Comment: November Visa Bulletin

The ostensible reason for the delay in issuing the November visa bulletin is that Hong Kong numbers are being accounted for as part of the China quota which is a tricky issue to justify based on how best to read the law as it stands (it also supposedly makes recalculation difficult). Furthermore, consulates throughout the world are partially closed due to covid which has led to fragmentary data, making predictions difficult.
The above may not necessarily be the whole story for two reasons: (a) we have confidence in DOS's ability to keep track of its data; (b) the legal mavens at DHS and State are masters of jugglery, and will likely succeed in shoehorning (at least temporarily) the administration's preferred policy views into acceptable legal interpretation.
What then are the real reasons for the unusual delay in issuing the November visa bulletin? There are two.
USCIS wants to see how much money they can take in from premium processing fees from their maneuver of providing EADs and APs to as many as 500,000 Indian immigrants on H1B. USCIS has found a brilliant way of getting around the lack of appropriations provided by Congress to create a massive cash cow of hundreds of thousands of Indian immigrants that can be milked every year predictably as they apply for renewal. Not only does it give USCIS a massive cash infusion now to avoid any furloughs, but a large steady income for many many years to come as immigrants continue to wait in long Green Card lines paying for it year by year. The October visa bulletin ensures that USCIS gets the first cut from immigrants before banks or employers or attorneys or any other US institution/group. The delay in the November visa bulletin is to estimate the one time and ongoing dollar amount already committed by Indian H1Bs and to calculate whether it is sufficient for USCIS's immediate and ongoing budgetary needs or whether they need to keep the door open another month to sign up more Indian immigrants.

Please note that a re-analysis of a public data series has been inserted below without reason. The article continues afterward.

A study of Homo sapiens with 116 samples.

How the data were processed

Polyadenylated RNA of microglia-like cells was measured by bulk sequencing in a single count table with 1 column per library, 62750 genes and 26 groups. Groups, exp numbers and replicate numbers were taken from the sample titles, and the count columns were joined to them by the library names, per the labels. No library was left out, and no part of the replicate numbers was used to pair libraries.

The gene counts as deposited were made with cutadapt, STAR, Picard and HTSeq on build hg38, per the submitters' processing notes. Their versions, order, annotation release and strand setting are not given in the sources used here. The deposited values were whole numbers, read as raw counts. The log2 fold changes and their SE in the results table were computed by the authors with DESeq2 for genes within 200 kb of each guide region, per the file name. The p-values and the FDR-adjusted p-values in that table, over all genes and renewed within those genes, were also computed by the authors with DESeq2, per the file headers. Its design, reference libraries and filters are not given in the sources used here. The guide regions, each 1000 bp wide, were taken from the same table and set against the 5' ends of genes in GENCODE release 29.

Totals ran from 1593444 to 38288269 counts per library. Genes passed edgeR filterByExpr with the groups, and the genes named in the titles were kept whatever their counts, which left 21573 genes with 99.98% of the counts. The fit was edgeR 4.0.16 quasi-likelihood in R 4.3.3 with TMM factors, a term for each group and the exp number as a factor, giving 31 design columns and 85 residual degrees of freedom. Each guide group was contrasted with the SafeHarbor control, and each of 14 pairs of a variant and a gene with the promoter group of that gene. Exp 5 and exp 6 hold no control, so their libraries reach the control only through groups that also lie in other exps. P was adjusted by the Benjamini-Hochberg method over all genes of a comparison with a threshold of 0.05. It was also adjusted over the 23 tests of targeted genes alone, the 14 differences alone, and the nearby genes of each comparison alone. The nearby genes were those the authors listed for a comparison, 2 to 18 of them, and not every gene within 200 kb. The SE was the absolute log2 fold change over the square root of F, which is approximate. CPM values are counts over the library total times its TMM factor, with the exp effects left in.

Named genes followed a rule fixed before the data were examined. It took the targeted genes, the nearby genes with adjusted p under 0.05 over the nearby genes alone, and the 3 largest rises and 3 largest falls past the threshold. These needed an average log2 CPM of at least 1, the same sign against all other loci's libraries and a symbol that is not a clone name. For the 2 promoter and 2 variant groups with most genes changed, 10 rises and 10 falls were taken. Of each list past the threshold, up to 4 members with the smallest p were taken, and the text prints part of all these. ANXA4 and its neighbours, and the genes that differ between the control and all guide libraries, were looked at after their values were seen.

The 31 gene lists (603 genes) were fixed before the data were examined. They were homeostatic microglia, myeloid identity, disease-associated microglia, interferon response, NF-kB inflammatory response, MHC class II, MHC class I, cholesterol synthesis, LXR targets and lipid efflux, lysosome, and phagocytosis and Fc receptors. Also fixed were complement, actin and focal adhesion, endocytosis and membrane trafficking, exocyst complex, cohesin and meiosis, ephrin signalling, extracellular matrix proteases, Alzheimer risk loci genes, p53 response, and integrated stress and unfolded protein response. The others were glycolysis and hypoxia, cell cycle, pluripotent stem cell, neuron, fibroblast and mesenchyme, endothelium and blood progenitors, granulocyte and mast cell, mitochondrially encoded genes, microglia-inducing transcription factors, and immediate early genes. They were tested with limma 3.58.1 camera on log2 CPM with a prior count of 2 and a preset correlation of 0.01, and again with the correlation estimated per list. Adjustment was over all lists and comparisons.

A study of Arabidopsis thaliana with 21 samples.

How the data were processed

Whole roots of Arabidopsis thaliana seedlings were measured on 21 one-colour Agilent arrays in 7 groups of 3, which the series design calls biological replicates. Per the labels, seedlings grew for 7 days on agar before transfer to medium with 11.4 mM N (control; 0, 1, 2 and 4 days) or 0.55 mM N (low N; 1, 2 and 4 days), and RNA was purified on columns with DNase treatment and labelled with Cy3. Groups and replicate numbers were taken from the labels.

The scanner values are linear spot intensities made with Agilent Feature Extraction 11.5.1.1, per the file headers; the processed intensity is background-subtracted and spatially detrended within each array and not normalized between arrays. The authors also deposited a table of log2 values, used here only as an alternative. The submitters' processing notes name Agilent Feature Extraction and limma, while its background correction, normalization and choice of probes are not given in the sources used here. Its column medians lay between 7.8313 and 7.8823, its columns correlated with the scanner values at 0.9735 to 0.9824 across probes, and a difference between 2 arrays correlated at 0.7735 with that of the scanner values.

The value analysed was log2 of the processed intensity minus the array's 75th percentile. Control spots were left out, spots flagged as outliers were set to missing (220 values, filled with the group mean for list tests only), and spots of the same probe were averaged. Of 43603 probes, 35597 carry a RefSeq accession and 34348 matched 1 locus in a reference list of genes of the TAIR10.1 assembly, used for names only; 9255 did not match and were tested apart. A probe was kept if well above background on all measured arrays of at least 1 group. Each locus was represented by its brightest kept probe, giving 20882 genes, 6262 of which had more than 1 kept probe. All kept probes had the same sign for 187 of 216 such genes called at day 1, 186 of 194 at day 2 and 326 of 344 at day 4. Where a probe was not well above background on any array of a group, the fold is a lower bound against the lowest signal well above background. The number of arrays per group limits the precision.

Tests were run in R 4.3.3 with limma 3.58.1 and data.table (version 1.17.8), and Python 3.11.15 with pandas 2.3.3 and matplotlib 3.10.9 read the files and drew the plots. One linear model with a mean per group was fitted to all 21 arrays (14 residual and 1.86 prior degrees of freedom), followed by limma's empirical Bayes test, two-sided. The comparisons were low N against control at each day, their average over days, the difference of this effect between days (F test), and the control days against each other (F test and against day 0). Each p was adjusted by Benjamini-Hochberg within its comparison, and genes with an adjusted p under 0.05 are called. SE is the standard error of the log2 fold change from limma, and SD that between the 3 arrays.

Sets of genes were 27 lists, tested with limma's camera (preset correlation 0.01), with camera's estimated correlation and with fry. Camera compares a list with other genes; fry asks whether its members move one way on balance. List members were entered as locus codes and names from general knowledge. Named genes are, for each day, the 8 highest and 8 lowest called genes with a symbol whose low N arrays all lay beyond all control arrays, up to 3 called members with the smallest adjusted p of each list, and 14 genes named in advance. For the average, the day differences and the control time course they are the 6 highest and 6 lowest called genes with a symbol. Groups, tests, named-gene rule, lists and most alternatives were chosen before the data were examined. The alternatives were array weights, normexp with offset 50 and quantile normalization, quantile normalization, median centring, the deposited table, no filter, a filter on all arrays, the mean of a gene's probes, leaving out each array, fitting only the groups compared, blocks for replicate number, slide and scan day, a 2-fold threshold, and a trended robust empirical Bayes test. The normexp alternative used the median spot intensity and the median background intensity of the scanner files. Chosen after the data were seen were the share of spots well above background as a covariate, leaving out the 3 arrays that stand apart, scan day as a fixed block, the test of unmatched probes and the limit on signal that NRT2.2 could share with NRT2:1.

This shows how accomplished DHS budgeting experts are. This level of strategic thinking, sophisticated mathematical modeling and red-teaming is unmatched by any of the players in the immigration space--including law firms, large tech companies and industry associations such as AILA and IIUSA. The October visa bulletin is also a politically astute solution for an executive agency to solve its budgetary problems without the help of Congress.
The October visa bulletin is not illegal, nor is it improper. USCIS is actually trying to help Indian immigrants and is actually delivering a benefit to immigrants.
DOS is playing with fire by reallocating visas in a manner different than mandated by Congress. As cases processed in consulates fall due to covid, the simplest way to address the drop would be to move that quota to adjustment of status cases, even if it means making all categories current for both family and employment.
Not doing so effectively transferred visas from the family category to the employment category to the tune of 250,000 visas from family immigration to employment immigration at the end of fiscal 2020. While covid was a valid excuse for that in 2020, it will not be a valid excuse if the same were to happen for fiscal 2021. Doing so would be tantamount to an executive agency trying to rewrite a Congressional statute circumventing Congress.
With all this maneuvering DHS folks have shown themselves to be strategists par excellence armed with sophisticated mathematical modelling which has left everyone in the immigration space way behind and completely in the dark. We look forward to the November visa bulletin.